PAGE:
To fund the initiative, the state is using a portion of its COVID-19 federal relief funding to pilot a program with Avel eCare. The eCare School Health program (which has been an Avel service line since 2015) delivers school nurse services virtually via a secure, two-way video mobile unit and is being offered at no cost to schools.
“Our school nurses have been on the frontlines throughout the COVID-19 pandemic, caring for students and providing critical support to keep students, staff and schools safe. They are absolute heroes,” said Education Commissioner Pender Makin. “We also know they are exhausted and stretched so thin and that many schools have not been able to find the experienced school nurse staff they need. This partnership with Avel eCare, made possible with federal funds, offers additional nursing support to help fill shortages in our schools and expand the care we provide to our students.”
“We’re pleased to partner on this important effort to provide telehealth school nursing services to Maine schools as part of strengthening Maine’s school-based health programs,” said Health and Human Services Commissioner Jeanne Lambrew. “This model bridges gaps in school nursing coverage, helps schools maintain safe and healthy environments, and reduces barriers to learning by providing effective preventive care. School nurses have been invaluable during the COVID-19 pandemic and are a trusted resource for their students, school staffs, and communities.”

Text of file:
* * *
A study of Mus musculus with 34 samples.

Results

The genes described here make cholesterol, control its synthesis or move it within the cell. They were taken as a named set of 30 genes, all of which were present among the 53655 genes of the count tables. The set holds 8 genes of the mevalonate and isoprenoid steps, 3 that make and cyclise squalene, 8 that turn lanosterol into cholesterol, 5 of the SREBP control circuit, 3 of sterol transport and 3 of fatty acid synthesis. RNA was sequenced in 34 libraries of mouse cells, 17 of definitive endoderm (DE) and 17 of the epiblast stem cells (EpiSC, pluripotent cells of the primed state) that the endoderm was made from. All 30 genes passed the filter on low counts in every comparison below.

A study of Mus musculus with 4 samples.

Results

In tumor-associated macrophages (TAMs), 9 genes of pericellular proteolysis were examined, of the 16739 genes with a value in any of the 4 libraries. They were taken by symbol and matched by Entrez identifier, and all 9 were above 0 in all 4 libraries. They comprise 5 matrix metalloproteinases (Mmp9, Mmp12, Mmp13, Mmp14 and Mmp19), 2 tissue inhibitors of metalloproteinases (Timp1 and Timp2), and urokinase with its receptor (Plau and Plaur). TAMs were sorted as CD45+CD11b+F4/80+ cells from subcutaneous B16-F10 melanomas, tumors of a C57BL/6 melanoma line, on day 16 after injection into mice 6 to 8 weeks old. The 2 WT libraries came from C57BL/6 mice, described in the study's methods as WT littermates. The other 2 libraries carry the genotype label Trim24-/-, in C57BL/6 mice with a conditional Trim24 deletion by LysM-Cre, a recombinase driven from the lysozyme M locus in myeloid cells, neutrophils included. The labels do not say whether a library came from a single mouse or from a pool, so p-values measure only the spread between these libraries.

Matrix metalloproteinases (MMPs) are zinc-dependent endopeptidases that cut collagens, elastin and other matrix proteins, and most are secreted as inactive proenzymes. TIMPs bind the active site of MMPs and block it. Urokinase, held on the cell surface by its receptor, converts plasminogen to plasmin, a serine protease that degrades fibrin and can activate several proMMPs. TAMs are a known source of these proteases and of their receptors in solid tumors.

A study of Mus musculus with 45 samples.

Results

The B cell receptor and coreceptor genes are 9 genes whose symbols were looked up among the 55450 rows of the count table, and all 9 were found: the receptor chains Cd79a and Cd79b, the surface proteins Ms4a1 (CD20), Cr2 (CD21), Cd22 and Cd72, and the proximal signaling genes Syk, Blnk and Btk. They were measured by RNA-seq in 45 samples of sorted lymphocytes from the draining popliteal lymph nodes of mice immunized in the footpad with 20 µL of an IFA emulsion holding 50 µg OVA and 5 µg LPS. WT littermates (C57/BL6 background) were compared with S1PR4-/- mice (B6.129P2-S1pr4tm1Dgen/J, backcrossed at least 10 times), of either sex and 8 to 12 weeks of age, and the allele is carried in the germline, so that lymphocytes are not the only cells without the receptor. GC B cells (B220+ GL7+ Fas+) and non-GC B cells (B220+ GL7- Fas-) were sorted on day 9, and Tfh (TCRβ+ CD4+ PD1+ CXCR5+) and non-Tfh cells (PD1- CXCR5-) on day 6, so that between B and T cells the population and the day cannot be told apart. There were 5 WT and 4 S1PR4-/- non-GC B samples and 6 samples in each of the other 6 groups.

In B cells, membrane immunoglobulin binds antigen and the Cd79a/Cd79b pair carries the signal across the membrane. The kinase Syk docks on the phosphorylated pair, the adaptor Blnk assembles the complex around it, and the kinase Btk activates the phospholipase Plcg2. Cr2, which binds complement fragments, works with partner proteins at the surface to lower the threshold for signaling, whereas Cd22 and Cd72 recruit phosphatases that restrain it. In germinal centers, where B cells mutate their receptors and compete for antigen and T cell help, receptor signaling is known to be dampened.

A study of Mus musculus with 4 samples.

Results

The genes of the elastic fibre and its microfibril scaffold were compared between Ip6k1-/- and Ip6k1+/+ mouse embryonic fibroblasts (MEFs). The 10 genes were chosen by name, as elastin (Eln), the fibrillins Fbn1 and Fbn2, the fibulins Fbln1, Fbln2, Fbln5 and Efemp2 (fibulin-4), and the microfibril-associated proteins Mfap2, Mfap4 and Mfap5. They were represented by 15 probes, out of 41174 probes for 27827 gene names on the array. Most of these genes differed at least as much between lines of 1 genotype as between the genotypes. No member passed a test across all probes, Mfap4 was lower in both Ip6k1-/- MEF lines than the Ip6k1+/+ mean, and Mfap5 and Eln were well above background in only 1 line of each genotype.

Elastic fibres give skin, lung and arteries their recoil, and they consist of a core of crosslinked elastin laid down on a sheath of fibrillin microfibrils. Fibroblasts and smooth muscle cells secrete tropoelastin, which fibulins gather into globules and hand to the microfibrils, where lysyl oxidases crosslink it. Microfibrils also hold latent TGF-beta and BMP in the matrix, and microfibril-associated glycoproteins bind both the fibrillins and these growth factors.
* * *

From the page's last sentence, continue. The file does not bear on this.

According to a recent U.S. CDC report, school nurses help students improve their academic outcomes and can also make a significant impact on the broader community. For example, every dollar invested into school nursing program results in society saving $2.20 because of a reduction in emergency room visits and parents taking time off of work to care for their sick children.
“Even before the pandemic, the lives of school nurses were busy. Now, their jobs have expanded to include public health, and that work is too simply too big to do alone. We’re thankful to have the support of Avel eCare to help our nurse provide the daily health services that our children need,” said Tara McKechnie, Principal at Deer Isle-Stonington Elementary School in Maine, which was among the first schools to implement the virtual school nurse program.